2011 Haut-Brion, Pessac-Léognan (1.5L) (Pre-Arrival)
An impressively silky wine. Dry yet intensely fruity, the palate shows big fruit, smooth tannins and a perfumed character.
Manages to harness the angularity of the vintage extremely well, almost burying the acidity in the core of cassis, black cherry skin, plum pit and maduro tobacco flavors. This is typically among the most backward wines of the vintage when young, and it's still tight and primal, but with admirable length and density already. Cabernet Sauvignon, Merlot and Cabernet Franc. Tasted non-blind.
Complex aromas of brown sugar, sweet tobacco and dark fruits. Turns to hints of prunes and cocoa. Full-bodied, with ultra fine tannins and a wonderful length. Refined and silky. Beautiful balance. Such wonderful length. Turns chewy yet very polished.
Robert Parker's Wine Advocate
Like its stablemate La Mission-Haut-Brion, Haut-Brion’s 2011 production was small, only 7,600 cases, which is nearly 3,000 fewer cases than in 2009. A blend of 46% Cabernet Sauvignon, 35% Merlot and 19% Cabernet Franc, it is interesting to taste the 2011 Haut-Brion next to the more open-knit, seductive 2011 La Mission Haut-Brion. The former wine is more firm, backward and earthy with a more formidably structured style. Undeniably elegant, distinctive and original, it exhibits notes of mulberries, plums, blueberries and raspberries. Jean-Philippe Delmas told me that in many ways the 2011 reminds him of the 2008 from an aromatic and structural profile. There is plenty of tannin, and the 2011 has 25-30 years of aging potential. It may be more reminiscent of a vintage such as 1988, but it is better made as well as being the product of a far stricter selection process.
Stephen Tanzer's International Wine Cellar
(46% cabernet sauvignon, 35% merlot and 19% cabernet franc blend; 3.61 pH): Dark ruby-red. Big, rich and creamy on entry, then tighter and a bit austere in the middle, showing pure cassis, red berry and mineral flavors that carry through nicely on the rising finish. Very fine-grained Haut-Brion with a lingering cocoa nuance. Technical director Masclef noted that the team did shorter cuvaisons of about 15 days, vs. a typical 21, and at slightly lower temperatures too. I think the high-quality cabernet franc here has helped this wine gain a measure of refinement that is not always there in vintages with higher proportions of merlot. Another potentially great Haut Brion, more austere and less fleshy than recent efforts but very classic.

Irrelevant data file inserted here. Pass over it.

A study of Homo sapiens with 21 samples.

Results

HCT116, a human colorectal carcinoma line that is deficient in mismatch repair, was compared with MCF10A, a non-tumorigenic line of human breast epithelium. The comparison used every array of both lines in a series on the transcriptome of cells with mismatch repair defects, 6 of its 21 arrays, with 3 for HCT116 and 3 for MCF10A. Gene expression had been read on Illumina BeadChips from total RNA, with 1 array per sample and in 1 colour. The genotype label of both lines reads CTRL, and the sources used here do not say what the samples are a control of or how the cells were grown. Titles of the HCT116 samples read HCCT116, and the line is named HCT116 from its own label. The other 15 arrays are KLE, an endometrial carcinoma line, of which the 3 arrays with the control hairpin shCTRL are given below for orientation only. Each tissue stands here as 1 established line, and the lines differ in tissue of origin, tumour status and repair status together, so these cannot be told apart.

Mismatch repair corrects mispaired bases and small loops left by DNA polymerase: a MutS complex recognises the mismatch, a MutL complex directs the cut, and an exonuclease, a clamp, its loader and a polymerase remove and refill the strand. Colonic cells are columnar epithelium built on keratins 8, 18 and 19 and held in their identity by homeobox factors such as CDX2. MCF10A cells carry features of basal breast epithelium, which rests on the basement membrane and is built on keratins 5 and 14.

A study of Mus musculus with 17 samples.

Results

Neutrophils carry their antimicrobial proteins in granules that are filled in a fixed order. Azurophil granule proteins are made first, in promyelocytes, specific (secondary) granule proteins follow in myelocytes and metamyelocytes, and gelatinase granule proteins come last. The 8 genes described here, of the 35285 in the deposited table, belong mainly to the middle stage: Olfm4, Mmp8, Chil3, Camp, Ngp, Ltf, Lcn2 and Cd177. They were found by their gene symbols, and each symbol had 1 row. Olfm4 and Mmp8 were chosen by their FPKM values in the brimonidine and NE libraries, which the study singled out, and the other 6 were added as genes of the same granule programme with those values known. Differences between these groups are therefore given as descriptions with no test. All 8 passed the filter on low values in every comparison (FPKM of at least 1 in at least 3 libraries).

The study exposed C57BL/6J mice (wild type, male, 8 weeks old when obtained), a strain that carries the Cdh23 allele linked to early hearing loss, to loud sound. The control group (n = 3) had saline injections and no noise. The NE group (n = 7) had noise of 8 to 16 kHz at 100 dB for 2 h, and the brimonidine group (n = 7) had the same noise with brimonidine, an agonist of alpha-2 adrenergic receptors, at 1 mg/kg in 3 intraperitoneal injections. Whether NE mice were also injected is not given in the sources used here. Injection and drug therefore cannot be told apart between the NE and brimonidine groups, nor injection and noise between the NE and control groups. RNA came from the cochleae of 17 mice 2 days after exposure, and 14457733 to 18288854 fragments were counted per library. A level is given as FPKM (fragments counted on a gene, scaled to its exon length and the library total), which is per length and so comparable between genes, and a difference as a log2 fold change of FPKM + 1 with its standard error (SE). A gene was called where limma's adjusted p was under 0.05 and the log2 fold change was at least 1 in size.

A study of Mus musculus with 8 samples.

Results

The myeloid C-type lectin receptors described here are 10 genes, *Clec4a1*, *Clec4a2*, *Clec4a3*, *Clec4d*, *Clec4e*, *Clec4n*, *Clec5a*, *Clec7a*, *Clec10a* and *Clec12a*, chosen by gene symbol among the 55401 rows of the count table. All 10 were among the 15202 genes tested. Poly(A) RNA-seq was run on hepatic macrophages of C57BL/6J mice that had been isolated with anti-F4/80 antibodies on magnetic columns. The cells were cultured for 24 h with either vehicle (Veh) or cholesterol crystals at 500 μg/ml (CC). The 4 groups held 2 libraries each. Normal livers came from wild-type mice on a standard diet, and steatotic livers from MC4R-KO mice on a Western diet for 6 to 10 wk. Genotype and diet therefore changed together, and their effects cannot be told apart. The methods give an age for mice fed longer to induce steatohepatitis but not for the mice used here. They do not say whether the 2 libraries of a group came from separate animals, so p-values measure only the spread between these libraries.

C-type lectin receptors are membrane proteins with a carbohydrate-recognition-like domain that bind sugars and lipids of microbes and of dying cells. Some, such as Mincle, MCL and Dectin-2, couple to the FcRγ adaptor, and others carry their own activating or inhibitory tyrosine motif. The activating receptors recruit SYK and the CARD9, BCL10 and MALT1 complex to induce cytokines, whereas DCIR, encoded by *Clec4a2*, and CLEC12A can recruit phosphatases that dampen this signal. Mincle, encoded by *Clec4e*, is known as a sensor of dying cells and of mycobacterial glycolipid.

Deep black cherry colour. Warm sweet cherry fruit, with the most chocolate-smooth (and in no way thick) tannins but also the acidity of fresh fruit too, fresh cherry. Very fine, intense and aromatic red fruit with just a touch of graphite. There's density and richness on the middle but such amazing softness though the tannins give tension underneath like closely packed bed springs. Like falling into a deep feather cover on a firm bed. So long. 18.5/20 points.
Chateau Haut Brion is one of the 5 First Growth wines of Bordeaux, and the only one from Graves. Located on two hillocks gravel over clay and sand in Pessac for a classic Graves terroir. It consists of 51 hectares of mostly red varietals (Merlot, Cabernet Sauvignon, Cabernet Franc and Petit Verdot). It is the oldest wine estate in Bordeaux and was even served to Charles II! The estate is now owned and lovingly managed by the Dillon family - the royal family of Luxembourg.